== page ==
The story behind the Parchment Torah Project:
-Rabbi Jamie Korngold, Adventure Rabbi
Shortly after the salad had been served, long before the main course would arrive, he and she (long time Adventure Rabbi participants) leaned across the table toward me and said, “We love what you do. We want to give you a donation. What’s your pitch?”
Their oldest children had completed our Adventure B’nai Mitzvah Program and their youngest was eagerly looked forward to the day when she would be old enough to hike mountain peaks, make matzah ball soup, and jump-start cars with us in our Adventure Class. Although this family does not live in Boulder, they do their best to join us when they can. Meanwhile, that evening we were celebrating another family's simcha.
I didn't need to think before answering, “I love our backpacking Torah, it is so special. But we’ve been a community for 13 years now and its time for us to be guardians of parchment Torah.”
She immediately leaned in further. He began to nod. I continued, “There is something unique about reading from a parchment Torah. I’m not sure what it is. The fact that a scribe took a year to write it? The parchment? The wood? It links us to our past in a palpable way. Even holding a parchment Torah feels different than the backpacker does. Its solid; it says we are here to stay, as a community and as a People.”
She jumped in, “You know Jamie, a parchment Torah is the one thing I have for felt for years that this community is missing. We don’t need a building. We don’t need committee meetings. But a parchment scroll links us to each other, to Jews all over the world and Jews through time. It reminds us of all people have done and sacrificed to keep Judaism alive through the generations. I really want our daughter to read from a parchment scroll.”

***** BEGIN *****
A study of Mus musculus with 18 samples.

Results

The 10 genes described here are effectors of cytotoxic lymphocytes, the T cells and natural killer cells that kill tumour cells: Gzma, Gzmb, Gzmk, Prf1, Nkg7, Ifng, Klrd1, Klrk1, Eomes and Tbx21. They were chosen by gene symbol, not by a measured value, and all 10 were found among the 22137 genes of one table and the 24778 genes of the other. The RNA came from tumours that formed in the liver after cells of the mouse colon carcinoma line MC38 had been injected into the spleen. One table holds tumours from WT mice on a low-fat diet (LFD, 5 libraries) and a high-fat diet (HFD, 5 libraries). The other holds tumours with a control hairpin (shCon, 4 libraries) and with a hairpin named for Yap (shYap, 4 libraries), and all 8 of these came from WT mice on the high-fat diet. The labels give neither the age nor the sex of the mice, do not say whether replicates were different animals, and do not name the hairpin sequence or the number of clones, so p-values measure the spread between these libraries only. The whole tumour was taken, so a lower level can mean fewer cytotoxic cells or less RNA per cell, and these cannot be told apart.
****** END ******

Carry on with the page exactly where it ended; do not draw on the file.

They wrote a check for $20,000. “Get the community to match it,” they said. “Let everyone own this Torah together. Give everyone who wants a chance to pledge or make it their own, so its not some unconnected ritual thing tucked away in a box.”
When I called Rabbi Evon he cautioned, “Be careful that this doesn’t just become some object like so many other objects. We have to connect with it; we have to experience it. We have to teach everyone about why a Torah is important so that they feel it and know it, so that each time we stand shoulder to shoulder in our a circle to unscroll the Torah and hold the parchment, each time we hear the words being chanted, we feel our place in the living tradition the scroll represents. I know – let’s do a Torah retreat for the families. I’ll call my friend to see if he will sponsor the retreat.” And he did and he did.
When I called the scribe he said, “I can ship you a complete Torah or I can leave the last 300 letters unfinished. I’ll come to Boulder and we can write it together. I’ll let people hold my hand, let them grasp the quill as I hold it and they will assist me in writing the last 300 letters. That way they fulfill the mitzvah of writing a Torah in their lifetime. Make sure people know it’s a mitzvah!” he urged.
“We get to actually write the Torah?” asked Carolyn Grant. “We get to hold the quill and put ink on the parchment? What an amazing experience! I imagine that many people would want to see and do that - to be part of something so special." She and her husband, Robb, wrote a check.
Shari Annes texted me from San Francisco, “I heard you are getting Torah. Loved the retreat I came on. I love what you do.” and she too wrote a check.
Noah Finkelstein filled out a donation form online writing, “I hear we are getting a Torah! Yahoo! Use this to help inspire others to give. Please tell me what else I can do.”
Join us. Add you name to the list. Help us purchase our new scroll.
Imagine: Its Passover 2015. We stand on the red rock of Moab, shoulder to shoulder in our circle and unscroll our new parchment Torah. We read a list of all the people who contributed to the scroll, some giving $1.80 and others giving $18,000. The steep canyon walls echo the names back to us, sound building on sound, action building on action, reminding us of the layers of community and connection.